The 19th Amendment was ratified in 1920, but this landmark event was neither the beginning nor the end of the story for women and their struggle for the right to vote. Join us in 2020 as we commemorate this centennial year with 12 stories from our holdings for you to save, print, or share. July’s quote comes from First Lady Abigail Adams.
Want to hear more from Abigail Adams? Join us on Facebook on July 9 as Abigail, portrayed by a re-enactor, tells us about her response to hearing that independence had been declared.
While Abigail Adams’s reminder to her husband to “remember the ladies” is often mentioned, her full thoughts on the matter were rather more fiery.
On March 1776, while staying in Braintree, MA, Abigail wrote to her husband John Adams. The two maintained a voluminous correspondence during their 54-year marriage. When Abigail wrote this letter to John, he was in Philadelphia, attending the Continental Congress.
While Abigail hoped to hear that independence would be declared, but she knew that a new government–created by white men with laws that benefited them–would not most likely bring much in the way of change for women.
Her concerns were well founded. Women of the time had no legal identity apart from their husbands. They could not vote, they could not own property, or gain custody of their children if divorced.
As an eighteenth-century woman, Abigail had not received a formal education, but was expected to raise and educate her own children and manage the family farm in her husband’s absence. While Abigail’s own marriage was a happy one, she was aware of the situation of woman overall, and she urged her husband to think carefully about the needs of women in forming the new government.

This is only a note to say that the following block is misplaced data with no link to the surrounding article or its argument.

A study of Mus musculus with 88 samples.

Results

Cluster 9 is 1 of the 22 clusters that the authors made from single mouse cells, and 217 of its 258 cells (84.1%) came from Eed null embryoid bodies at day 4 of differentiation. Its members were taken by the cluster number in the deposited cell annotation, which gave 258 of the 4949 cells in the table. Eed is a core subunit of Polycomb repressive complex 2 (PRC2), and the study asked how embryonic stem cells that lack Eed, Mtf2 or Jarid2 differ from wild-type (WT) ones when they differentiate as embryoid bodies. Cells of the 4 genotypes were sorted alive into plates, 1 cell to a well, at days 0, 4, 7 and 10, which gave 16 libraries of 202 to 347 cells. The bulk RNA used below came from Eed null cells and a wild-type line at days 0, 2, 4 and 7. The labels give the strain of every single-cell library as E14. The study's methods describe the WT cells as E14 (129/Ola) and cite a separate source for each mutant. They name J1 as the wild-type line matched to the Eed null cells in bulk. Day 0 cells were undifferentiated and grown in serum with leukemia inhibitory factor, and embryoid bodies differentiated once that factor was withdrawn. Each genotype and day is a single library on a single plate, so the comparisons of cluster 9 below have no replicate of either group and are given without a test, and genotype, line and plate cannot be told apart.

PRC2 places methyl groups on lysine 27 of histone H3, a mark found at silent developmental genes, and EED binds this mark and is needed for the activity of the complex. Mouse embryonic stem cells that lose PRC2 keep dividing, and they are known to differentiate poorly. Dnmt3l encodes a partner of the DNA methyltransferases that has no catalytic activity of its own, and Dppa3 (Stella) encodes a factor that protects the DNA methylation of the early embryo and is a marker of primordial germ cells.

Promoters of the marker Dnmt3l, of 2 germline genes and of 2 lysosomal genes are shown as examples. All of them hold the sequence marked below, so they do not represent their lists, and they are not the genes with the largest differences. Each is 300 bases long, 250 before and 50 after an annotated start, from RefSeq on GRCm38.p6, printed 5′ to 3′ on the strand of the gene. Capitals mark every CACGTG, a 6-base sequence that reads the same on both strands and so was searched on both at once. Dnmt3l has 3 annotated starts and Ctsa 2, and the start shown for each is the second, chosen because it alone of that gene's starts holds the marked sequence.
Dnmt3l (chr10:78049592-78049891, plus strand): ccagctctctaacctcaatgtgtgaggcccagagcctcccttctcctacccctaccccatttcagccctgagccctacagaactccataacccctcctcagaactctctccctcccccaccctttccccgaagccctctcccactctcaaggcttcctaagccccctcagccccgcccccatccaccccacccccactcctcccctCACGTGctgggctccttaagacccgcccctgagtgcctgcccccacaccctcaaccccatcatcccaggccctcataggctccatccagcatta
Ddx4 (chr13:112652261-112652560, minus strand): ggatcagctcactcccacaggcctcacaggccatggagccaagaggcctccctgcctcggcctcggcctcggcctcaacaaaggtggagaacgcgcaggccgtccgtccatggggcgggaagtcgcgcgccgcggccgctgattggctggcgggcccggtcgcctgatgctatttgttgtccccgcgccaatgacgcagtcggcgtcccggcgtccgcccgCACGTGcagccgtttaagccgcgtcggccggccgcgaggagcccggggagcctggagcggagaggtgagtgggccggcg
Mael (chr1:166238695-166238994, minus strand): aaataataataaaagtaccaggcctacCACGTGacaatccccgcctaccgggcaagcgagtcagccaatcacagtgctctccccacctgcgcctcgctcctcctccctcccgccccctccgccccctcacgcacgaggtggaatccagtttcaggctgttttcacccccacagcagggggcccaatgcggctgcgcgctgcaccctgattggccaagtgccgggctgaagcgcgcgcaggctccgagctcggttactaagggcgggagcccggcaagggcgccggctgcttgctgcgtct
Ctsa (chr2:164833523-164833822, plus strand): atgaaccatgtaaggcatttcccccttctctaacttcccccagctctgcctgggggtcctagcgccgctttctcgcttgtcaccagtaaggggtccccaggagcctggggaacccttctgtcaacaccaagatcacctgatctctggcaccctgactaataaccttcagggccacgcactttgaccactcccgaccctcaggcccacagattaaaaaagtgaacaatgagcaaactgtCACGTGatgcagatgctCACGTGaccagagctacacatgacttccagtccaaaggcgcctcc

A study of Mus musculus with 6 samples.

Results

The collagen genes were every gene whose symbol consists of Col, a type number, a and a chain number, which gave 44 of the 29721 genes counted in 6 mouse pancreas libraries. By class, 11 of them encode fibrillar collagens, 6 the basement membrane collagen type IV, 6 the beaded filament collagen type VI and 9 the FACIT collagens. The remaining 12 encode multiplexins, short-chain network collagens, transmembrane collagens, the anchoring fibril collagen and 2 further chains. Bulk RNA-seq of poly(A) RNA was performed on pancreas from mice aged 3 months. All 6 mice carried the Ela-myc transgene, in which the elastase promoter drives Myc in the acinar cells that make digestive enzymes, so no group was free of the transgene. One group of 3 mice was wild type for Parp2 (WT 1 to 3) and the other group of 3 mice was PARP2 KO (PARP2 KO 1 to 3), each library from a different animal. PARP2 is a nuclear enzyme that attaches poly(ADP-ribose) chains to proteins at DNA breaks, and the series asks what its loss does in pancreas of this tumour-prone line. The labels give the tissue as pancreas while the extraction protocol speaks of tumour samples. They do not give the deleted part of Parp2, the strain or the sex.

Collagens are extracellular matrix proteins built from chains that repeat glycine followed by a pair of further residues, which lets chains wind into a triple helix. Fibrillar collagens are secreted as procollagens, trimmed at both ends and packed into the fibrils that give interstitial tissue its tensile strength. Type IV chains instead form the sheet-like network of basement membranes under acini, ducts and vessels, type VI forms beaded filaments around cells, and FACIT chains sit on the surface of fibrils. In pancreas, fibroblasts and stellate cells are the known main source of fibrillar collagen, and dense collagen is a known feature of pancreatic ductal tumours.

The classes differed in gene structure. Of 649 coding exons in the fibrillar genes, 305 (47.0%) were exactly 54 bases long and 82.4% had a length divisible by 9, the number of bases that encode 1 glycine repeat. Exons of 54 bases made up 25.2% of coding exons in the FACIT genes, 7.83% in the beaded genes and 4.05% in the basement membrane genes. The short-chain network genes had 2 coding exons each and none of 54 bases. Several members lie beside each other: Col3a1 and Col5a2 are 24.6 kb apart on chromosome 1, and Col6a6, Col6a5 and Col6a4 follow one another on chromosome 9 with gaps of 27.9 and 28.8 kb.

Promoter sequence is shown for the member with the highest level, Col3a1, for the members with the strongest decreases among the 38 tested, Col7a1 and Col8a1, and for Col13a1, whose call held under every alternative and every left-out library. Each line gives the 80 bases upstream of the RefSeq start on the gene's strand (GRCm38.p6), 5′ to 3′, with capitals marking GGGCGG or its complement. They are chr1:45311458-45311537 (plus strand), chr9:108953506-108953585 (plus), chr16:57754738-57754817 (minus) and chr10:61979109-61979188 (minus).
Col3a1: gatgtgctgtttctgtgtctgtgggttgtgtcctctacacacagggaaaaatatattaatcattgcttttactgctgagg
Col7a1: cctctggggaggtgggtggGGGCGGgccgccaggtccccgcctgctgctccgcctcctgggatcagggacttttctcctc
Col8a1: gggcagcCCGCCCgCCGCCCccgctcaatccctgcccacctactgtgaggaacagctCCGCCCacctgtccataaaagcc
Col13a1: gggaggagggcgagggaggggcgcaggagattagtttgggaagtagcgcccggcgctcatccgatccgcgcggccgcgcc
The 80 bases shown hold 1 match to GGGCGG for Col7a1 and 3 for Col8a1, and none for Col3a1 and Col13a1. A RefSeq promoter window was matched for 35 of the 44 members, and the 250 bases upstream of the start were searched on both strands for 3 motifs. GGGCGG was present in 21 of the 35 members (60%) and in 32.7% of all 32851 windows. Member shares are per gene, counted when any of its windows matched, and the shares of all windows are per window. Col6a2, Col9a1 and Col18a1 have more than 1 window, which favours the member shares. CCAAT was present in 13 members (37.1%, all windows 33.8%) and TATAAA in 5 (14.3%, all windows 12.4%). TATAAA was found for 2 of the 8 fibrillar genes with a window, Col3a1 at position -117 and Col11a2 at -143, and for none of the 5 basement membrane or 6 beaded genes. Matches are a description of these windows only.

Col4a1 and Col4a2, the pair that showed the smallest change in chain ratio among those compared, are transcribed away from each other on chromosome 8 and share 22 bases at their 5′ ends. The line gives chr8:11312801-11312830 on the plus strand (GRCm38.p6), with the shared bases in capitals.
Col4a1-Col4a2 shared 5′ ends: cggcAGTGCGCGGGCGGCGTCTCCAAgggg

I long to hear that you have declared an independancy—and by the way in the new Code of Laws which I suppose it will be necessary for you to make I desire you would Remember the Ladies, and be more generous and favourable to them than your ancestors. Do not put such unlimited power into the hands of the Husbands. Remember all Men would be tyrants if they could. If perticuliar care and attention is not paid to the Laidies we are determined to foment a Rebelion, and will not hold ourselves bound by any Laws in which we have no voice, or Representation.
That your Sex are Naturally Tyrannical is a Truth so thoroughly established as to admit of no dispute, but such of you as wish to be happy willingly give up the harsh title of Master for the more tender and endearing one of Friend. Why then, not put it out of the power of the vicious and the Lawless to use us with cruelty and indignity with impunity. Men of Sense in all Ages abhor those customs which treat us only as the vassals of your Sex. Regard us then as Beings placed by providence under your protection and in immitation of the Supreem Being make use of that power only for our happiness.
Several years later, Abigail’s roles in the new government would be as wife of the Vice President, then First Lady, and then mother of President Quincy Adams–all roles that held no actual power beyond their proximity to power.
But despite the constraints of her time, she was influential. While her obituary of October 28, 1818, frames her life by “the refinement of her sex,” one notable paragraph pulls the curtain aside to show her influence on the development of the new country born within her lifetime.
To her husband–who served as Secretary of State, ambassador, Vice President, and President during his lifetime–Abigail Adams had many virtues as a wife and mother, but she also “was a friend, whom it was his delight to consult, in every perplexity of public affairs; and whose councils never failed to partake of that happy harmony, which prevailed in her character; in which intuitive judgment was blended with consummate prudence…”
When the 19th Amendment was ratified in 1920, the world was a very different one from the Revolutionary era, but women were still struggling against legal and societal constraints that Abigail would have immediately recognized. But one imagines she would have been pleased at this change in legal status as a result of the ladies determined to foment a rebellion.